You know how good it feels to burp sometimes? Sometimes babies need the same kind of relief.  And helping them burp can be a good Dad job.

But first. Burping is actually a little over-rated. People sometimes act like parents have to make sure their babies burp at absolutely every feeding.

Not really.

In cultures where babies are carried upright all the time, in slings or on their mother’s back, parents “burping their babies”  is unheard of. Babies who are carried a lot often just burp when they need to on their own.  So, carry your baby around against your  shoulder after a feeding and see what happens.

If she’s fallen asleep don’t feel you have to wake her up to burp her. Leave her be.

On the other hand, there are situations where burping might not be a bad idea:

  • If the baby had been crying for a while before feeding, she may have swallowed air while crying and need help in bringing it up.
  • If you are feeding your baby with a bottle, she might swallow air if her lips didn’t make a good seal around the bottle nipple.
  • If you or your partner think the baby needs burping. A lot of early parenting is guess work. You try things and see if it helps. If you think your baby might be swallowing air, or might need to burp, go for it. Believe us, there are no support groups for adults who were burped too often as babies.

Here are three different ways to burp… the baby.

  • The Classic. Try putting him high up on your shoulder so that your shoulder presses just below his tiny ribcage, then gently pat his back. Oh, and, um, put receiving blanket or burp pad on your shoulder first. Trust us on this one!
  • Sit-down burping. Drape the baby across your lap, which puts a little pressure on his tummy and pat his back gently. You might have to experiment a bit to find a position that feels right.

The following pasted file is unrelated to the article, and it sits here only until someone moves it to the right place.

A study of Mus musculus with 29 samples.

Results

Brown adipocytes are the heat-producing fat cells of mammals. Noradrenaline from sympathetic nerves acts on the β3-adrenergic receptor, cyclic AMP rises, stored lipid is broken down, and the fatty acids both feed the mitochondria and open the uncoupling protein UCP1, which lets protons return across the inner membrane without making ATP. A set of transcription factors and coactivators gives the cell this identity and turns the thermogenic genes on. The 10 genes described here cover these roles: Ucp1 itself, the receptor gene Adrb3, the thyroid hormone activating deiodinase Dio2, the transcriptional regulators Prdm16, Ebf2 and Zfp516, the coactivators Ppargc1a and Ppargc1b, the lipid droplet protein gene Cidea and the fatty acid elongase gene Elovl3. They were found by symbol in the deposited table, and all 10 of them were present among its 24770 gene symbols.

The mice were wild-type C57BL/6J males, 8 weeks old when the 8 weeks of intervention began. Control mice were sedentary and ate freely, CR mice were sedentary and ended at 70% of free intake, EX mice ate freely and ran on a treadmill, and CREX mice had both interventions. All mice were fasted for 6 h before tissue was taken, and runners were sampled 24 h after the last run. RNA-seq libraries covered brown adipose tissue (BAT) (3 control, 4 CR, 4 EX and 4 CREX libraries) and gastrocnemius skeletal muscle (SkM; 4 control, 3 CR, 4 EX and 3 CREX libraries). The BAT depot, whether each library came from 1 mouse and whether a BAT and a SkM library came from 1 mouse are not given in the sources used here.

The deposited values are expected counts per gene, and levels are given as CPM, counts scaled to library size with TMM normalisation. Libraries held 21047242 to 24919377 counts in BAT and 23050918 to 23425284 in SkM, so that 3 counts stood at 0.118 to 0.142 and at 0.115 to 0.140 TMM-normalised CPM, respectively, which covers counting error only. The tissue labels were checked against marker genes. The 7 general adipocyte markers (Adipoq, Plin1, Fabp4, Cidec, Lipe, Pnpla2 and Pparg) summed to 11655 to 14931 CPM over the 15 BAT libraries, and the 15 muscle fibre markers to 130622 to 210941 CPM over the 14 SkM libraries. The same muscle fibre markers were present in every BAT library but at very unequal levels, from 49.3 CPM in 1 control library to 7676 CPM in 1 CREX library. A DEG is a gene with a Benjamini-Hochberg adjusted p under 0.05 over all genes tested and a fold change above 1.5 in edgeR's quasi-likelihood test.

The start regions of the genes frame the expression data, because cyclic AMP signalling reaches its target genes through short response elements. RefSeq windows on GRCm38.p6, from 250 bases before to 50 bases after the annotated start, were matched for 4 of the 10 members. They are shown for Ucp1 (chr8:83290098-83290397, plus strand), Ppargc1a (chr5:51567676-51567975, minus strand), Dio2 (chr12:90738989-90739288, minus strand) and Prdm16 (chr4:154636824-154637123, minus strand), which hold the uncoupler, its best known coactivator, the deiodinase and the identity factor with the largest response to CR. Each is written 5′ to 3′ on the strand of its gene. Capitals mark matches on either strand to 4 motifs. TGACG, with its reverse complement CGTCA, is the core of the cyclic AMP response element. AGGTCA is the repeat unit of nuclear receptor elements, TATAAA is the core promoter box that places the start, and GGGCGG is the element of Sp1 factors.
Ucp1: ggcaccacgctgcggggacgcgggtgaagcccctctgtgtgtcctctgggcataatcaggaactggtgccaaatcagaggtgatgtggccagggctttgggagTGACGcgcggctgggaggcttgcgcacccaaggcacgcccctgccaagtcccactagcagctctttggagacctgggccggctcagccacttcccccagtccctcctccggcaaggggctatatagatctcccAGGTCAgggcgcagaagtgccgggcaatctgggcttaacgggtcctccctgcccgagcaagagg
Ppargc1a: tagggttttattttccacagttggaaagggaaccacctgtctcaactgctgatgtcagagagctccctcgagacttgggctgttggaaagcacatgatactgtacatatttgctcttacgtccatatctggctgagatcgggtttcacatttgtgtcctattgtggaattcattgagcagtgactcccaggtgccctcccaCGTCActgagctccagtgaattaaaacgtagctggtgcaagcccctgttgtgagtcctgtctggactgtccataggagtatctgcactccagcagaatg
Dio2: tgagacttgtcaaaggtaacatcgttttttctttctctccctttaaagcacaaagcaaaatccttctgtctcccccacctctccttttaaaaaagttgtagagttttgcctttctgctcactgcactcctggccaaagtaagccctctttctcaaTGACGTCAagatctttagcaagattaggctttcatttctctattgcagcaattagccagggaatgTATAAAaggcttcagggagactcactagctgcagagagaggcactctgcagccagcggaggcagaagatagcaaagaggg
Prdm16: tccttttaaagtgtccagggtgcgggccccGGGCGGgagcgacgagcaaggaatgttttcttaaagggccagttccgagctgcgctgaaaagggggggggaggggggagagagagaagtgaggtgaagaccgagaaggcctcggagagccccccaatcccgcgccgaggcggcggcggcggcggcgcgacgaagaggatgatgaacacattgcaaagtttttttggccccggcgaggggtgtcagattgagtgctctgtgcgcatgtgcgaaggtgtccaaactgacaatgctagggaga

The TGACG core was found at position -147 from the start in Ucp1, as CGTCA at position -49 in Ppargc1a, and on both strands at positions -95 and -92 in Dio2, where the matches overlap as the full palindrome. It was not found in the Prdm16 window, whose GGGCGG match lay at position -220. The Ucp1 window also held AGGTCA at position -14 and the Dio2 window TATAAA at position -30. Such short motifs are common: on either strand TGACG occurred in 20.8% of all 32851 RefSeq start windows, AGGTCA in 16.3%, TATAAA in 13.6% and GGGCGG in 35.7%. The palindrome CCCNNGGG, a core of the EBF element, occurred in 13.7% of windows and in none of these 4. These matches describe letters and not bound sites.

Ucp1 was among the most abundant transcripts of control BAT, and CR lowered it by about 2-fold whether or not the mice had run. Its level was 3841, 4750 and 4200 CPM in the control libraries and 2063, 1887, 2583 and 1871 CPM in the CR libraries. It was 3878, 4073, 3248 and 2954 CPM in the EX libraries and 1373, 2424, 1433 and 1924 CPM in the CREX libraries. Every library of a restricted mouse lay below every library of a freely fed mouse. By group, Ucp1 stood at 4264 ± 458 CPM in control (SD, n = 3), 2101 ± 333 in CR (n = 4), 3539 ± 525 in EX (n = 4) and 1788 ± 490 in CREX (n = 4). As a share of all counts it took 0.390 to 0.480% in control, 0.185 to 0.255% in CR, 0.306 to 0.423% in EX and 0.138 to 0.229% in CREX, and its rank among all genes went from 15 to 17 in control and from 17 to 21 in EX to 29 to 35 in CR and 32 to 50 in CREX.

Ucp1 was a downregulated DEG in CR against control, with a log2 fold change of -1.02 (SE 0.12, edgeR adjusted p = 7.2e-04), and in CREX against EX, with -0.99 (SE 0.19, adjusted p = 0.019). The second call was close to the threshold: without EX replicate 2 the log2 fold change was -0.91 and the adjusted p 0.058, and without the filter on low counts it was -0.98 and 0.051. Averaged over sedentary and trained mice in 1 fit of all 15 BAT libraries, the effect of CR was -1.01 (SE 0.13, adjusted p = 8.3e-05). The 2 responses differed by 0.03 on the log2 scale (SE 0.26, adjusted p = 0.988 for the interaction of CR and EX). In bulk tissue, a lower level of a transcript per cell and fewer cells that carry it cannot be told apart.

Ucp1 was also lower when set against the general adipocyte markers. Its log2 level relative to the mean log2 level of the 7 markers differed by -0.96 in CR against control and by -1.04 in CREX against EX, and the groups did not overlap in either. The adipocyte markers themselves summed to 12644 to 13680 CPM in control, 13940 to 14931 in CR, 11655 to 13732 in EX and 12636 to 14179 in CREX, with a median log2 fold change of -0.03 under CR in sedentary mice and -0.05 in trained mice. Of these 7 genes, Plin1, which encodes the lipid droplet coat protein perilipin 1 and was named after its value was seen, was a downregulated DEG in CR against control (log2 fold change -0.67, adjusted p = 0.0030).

• The “folding” technique sometimes works with small babies. Hold him in a sitting position, with one hand supporting his chin (so his head doesn’t flop forward) then gently bend him forward a little bit, chest toward knees. Then straighten him up again. Repeat a couple more times.

No need to push it. If you don’t hear a satisfying belch after a minute or two, chances are there’s no burp to come up. However, if your baby starts to grimace or wiggle around as though he’s uncomfortable when you lay him down, it’s worth giving it another try.

Spitting up.  Lots of babies spit up small amounts of swallowed milk after some feedings. Some do it after just about every feeding. It’s normal and although people have looked for ways to prevent it, there is no proven solution. If your baby is a spitter-upper — you’ll know — just always keep a receiving blanket over your shoulder if you’re holding the baby right after feeding. Oh and buy laundry detergent when it’s on sale. You’ll need extra.